The proposal would make it legal to conduct ethically designed pilot studies of payments for cadaveric donations.
"As many as 7,000 patients die while on the waiting list, and since 1988, 75,000 have died waiting for a donor organ"
Chicago -- With the United Network for Organ Sharing waiting list approaching 100,000, the AMA House of Delegates voted in June to put the prospect of paying organ donors high on its legislative agenda.
Six years ago, the house approved studying benefits and harms of financial incentives for cadaveric organ donation. But even testing the idea on a demonstration basis is illegal under the 1984 National Organ Transplant Act, which bans "valuable consideration" in exchange for organ donation. The change would not apply to living organ donors.
"If there are other ways to increase the supply of transplantable organs and do it in an ethical way ... it is worthwhile to at least study," said AMA Board of Trustees member Joseph P. Annis, MD. "We need to expand the number of donors, and we should look at every ethical way that we can do that."
Alternate delegate Gerald A. Wilson, MD, a Columbia, S.C., general surgeon, said that in his work with the state organ procurement organization, he has encountered families of donors who ask for financial help with burial expenses.
"By law, we're prohibited from doing that," said Dr. Wilson, who introduced the resolution adopted by the house. "We cannot put a price on tissue or human life, but there is a need to see if it's possible to increase the number of organ donors."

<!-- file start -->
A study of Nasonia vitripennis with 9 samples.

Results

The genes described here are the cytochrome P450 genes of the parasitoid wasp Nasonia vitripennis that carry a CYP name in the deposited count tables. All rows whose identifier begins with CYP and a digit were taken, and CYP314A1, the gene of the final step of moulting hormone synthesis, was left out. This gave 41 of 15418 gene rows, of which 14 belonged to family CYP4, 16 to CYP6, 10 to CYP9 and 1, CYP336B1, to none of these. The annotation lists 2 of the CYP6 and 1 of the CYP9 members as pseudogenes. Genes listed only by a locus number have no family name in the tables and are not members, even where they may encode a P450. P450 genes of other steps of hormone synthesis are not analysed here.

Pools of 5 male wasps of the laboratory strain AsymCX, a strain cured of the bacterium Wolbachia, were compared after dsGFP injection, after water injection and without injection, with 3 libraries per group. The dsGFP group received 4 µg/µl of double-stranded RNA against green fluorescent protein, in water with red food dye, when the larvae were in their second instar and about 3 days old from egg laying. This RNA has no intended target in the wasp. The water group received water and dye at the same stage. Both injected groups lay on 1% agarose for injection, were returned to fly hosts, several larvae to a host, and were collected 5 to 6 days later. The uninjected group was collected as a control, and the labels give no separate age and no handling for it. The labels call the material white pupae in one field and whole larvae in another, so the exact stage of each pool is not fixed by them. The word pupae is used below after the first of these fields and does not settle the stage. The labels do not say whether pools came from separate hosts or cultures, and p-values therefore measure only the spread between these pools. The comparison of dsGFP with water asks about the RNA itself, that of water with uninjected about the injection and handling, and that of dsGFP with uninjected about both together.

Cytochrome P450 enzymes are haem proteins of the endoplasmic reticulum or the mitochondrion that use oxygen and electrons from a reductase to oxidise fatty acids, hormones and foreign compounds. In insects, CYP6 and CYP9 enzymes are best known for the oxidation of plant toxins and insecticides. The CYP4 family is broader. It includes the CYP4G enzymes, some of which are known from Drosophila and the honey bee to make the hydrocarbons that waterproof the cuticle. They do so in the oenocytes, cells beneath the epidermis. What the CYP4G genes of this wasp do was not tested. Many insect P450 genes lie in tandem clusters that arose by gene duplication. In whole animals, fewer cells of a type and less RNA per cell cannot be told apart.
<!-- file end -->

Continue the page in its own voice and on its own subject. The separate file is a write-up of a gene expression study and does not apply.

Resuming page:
As many as 7,000 patients die while on the waiting list, and since 1988, 75,000 have died waiting for a donor organ, according to the resolution.
Since 1981, AMA delegates on multiple occasions have adopted or reaffirmed policy calling for pilot studies of ways to increase organ donation.
One approach is mandated choice, in which individuals are required to say "yes" or "no" to cadaveric organ donation when getting a driver's license or filing tax returns. Another is presumed consent, in which the dead are legally assumed to be donors unless they expressed wishes to the contrary.
Many delegates opposed any form of paying for organs, saying it could lead to exploitation of the poor and drive down donation rates.
"Organ donation is currently based on altruism, and it's a very brittle altruism," said Peter N. Bretan Jr., MD, a Novato, Calif., renal transplant surgeon. "Any perception we give forward that doesn't give the freedom to opt out or allows payment ... will specifically hurt altruism and decrease altruism."
Dr. Bretan said reform efforts should focus on removing financial disincentives, not inducing donation with big-money offers.
But Thomas G. Peters, MD, a Jacksonville, Fla., transplant surgeon, argued that a regulated payment for cadaveric organ donation, similar to the death benefit given to the families of fallen soldiers, is ethically appropriate and could forestall grislier alternatives.
"This is a gratuity from America for service to Americans," Dr. Peters said during committee debate. Pushing again for the resolution on the house floor, he said "circumstances have gotten to the point that the lack of domestic cadaveric organs has driven a move to transplant tourism."
The AMA Council on Legislation will propose language to change federal law in line with the adopted resolution and lobby Congress.